The yardsticks by which analysts measured the group's performance were at the upper end of its sector but not above it, he said. "Most of the share price is justified on fundamentals and contains no bid speculation within it," he claimed.
Despite news of a 15 per cent rise in underlying profits before exceptionals to pounds 1.01bn for 1996, the shares fell from the all-time peak hit on Monday, dropping 42p to pounds 18.605. Dealers blamed profit-taking after their strong performance this year and worries that Zeneca had only one drug in its late-stage development pipeline.
But the group reiterated its aim of achieving average annual earnings growth of 15 per cent over the next five years by building a leading position in anti-cancer drugs and certain agrochemicals, while enhancing its position in other drug areas. Sir David attempted to calm fears about the group's Macclesfield plant, which manufactures Zoladex, the big-selling anti-cancer drug, where the US Food and Drug Administration has identified problems with the manufacturing process. Sir David said 20 inspections of the plant had been completed by a variety of regulators over the past 12 months. "We are confident the few remaining outstanding issues can be resolved with the FDA to their satisfaction and we hope these issues will be resolved by the end of the month," he said.
The group said it had 18 new products under development, excluding the Zomig anti-migraine treatment acquired from Glaxo last year, which has won UK approval, and the Seroquel schizophrenia treatment due for launch this year. Pharmaceuticals profits grew 10 per cent to pounds 757m, or 6 per cent excluding exchange movements, but Zeneca warned margins would continue to be constrained by the development and marketing costs of new products. The group plans to raise its US sales force from 1,200 to nearly 2,000 this year.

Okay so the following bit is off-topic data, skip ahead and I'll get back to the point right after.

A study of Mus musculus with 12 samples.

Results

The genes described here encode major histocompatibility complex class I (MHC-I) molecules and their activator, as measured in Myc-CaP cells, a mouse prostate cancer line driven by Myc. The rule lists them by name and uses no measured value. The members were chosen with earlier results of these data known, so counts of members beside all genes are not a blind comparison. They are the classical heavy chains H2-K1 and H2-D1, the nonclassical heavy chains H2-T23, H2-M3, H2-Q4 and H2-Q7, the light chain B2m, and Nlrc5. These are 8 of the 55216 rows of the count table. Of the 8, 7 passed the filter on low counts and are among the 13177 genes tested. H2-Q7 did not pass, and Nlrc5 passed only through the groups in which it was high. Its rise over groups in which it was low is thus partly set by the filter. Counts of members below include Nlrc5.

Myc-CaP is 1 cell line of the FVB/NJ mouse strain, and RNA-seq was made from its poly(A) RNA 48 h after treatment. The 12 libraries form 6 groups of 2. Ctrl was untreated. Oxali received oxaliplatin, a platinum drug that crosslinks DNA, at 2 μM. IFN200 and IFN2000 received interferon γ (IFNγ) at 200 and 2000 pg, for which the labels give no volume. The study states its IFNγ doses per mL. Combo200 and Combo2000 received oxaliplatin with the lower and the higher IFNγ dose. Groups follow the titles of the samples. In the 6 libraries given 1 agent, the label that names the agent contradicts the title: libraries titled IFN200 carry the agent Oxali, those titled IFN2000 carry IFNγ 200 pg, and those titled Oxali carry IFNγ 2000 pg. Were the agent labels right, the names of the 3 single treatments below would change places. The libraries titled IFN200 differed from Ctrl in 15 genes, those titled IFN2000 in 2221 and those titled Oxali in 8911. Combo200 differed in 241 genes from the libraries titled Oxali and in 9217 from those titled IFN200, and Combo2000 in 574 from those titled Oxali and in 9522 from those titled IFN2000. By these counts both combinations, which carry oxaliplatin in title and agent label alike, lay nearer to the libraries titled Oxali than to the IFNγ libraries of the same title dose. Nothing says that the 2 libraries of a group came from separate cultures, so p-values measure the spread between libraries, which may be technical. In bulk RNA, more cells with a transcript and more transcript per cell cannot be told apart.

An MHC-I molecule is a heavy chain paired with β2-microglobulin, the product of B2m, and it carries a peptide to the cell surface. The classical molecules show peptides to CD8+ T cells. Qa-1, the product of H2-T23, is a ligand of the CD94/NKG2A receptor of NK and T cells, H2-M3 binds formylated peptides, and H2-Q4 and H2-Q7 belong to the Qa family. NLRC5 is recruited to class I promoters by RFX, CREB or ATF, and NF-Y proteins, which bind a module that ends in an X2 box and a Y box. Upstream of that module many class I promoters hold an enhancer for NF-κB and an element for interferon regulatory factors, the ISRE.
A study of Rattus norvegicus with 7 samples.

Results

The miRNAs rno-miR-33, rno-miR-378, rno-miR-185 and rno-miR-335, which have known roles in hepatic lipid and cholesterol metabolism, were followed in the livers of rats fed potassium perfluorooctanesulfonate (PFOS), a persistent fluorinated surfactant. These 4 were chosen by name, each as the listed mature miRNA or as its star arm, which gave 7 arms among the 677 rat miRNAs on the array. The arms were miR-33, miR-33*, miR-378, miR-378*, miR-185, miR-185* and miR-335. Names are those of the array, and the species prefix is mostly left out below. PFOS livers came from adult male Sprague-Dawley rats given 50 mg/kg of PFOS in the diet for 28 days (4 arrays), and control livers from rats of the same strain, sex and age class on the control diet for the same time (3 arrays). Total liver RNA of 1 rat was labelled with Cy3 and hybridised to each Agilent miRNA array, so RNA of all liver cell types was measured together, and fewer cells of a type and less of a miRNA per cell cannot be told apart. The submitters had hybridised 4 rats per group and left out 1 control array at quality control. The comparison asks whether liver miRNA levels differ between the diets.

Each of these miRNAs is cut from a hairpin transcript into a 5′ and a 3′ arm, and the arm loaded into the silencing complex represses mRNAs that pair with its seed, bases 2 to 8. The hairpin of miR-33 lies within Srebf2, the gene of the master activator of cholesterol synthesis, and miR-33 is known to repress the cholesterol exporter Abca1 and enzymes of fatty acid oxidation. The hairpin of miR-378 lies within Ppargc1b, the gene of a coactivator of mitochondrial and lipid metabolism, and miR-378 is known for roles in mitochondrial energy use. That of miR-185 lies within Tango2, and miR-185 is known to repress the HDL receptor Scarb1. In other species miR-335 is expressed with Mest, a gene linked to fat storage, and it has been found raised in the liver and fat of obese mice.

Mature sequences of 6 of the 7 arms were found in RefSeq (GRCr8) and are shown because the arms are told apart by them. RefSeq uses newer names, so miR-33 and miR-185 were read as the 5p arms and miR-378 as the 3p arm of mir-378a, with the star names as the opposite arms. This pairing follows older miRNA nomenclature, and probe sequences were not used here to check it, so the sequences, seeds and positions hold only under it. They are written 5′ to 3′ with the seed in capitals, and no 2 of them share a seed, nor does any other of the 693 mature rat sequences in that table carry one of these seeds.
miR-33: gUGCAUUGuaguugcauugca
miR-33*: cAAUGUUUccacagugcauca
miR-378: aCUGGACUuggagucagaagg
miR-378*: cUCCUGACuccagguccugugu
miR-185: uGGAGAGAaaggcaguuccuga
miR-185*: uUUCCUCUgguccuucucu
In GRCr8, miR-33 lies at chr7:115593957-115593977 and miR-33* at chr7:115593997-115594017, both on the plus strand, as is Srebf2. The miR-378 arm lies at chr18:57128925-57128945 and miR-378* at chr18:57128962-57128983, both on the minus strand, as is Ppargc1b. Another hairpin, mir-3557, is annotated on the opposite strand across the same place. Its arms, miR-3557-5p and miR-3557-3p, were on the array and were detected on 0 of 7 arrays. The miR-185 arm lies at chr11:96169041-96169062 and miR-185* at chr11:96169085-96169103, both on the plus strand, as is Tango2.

Zestril, the group's heart drug which goes off patent in 2001, grew sales 11 per cent to pounds 547m in 1996, while Zoladex was up 28 per cent at pounds 333m.
Operating losses in the seeds business, now part of a joint venture with a Dutch group, were cut from pounds 48m to pounds 3m. Meanwhile, restructuring of the speciality chemicals operations, shorn of the specialty inks and textile colours arms last year, pushed profits up a quarter to pounds 70m.